Pablo Cano's "Seven Wonders of the Modern World" Mixes Art and Politics at MOCA
Rush Limbaugh? Sean Hannity? Bill O'Reilly? All you right-wing gasbags can line up and get ready to kiss Pablo Cano's ass. Miami's favorite puppet master has a doozy lined up to give all the Obama haters their just desserts.
"It's very up to date, a whimsical comedy," Cano says. "I think it's very much an American folk piece," adds the artist who mentions the production was three years in the making. Inspired by Barack Obama's historic election, Cano has created "The Seven Wonders of the Modern World" for his 12th Annual Commission at the Museum of Contemporary Art (MOCA) for a multiple-performance run with a cast of skull-staving marionettes ready to smack the sawdust out of the ditto heads.
The leader of the free world's likeness is constructed out of a grandfather clock. In the lavish multi-media production, scripted by Carmen Pelaez and choreographed by Katherine Kramer, Cano explores seven phenomena that he feels have improved life today scored to melodies from 16th century overtures to 20th century show tunes.
"I think it's wonderful we live in a democracy where people can take dissent for granted. I used this picture of Obama I found in the National Inquirer for the clock which also has a Latin inscription inscribed on it that reminds us how time flies. The President's message of change is uplifting and this will appeal to audiences of all ages," he says.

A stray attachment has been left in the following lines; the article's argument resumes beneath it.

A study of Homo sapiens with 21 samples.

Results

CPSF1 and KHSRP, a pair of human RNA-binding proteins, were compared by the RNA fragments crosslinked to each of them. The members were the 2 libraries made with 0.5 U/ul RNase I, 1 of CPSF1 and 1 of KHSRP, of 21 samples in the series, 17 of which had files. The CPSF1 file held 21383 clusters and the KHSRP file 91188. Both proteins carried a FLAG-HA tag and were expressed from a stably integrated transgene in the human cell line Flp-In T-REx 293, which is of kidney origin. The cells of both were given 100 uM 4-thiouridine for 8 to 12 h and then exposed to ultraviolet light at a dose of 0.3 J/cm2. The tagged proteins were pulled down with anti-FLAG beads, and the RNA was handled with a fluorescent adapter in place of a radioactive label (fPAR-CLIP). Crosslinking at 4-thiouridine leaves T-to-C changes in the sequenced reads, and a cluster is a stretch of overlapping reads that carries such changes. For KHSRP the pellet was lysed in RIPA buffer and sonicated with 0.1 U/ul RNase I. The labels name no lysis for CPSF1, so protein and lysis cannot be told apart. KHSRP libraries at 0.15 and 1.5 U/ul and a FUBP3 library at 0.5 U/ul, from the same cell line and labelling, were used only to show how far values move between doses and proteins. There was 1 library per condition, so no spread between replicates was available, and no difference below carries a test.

Courtesy of the artist and Museum of Contemporary Art
Pablo Cano Google Lina
Cano's Obama plays emcee and engages various "wonders" ranging from rockets composed of coffee cans to "Amazonia," "Google Lina," and "Facebooka" with ukulele bodies and basket heads. "You'll even see bobby pins doing a fox trot and a cell phone frog crooning like Maurice Chevalier and thanking 'heaven for liiiittle cell phones,' in a thick accent," the artist explains.
"There is a lot of political, religious, and pop culture iconography in the show and Pelaez's writing has turned it into a masterpiece," Cano says. "The stage is sort of like an altar and it's inside a shopping cart sort of like a nod to capitalism," informs Cano. "At one point a toothbrush sings 'Strangers in the Night' to Minty, a tube of tooth paste," he says, with a laugh. "Fresh breath is one of the wonders of the world, don't you think"?
Cano says he thinks Obama is "doing a great job" and that this is his first ever production with a Yankee Doodle vibe. "I love this country and would gladly give my life for it," says Cano. "Our Constitution is one of the true wonders of the modern world. It guarantees all of us freedom no matter where we come from or even how much we disagree. This is the type of show that could only be created in America," Cano observes on the eve of the prez dispatching Osama Bin Laden.
Known for working with found objects fished from thrift stores and trash heaps, this year's production is Cano's tribute to the Theater of the Absurd. Sadly the artist couldn't find a douche bag in his travels so Ann Coulter is missing from his show.
Museum of Contemporary Art 770 NE 125th Street, North Miami. For times and ticket prices call 305-893-6211 or visit mocanomi.org.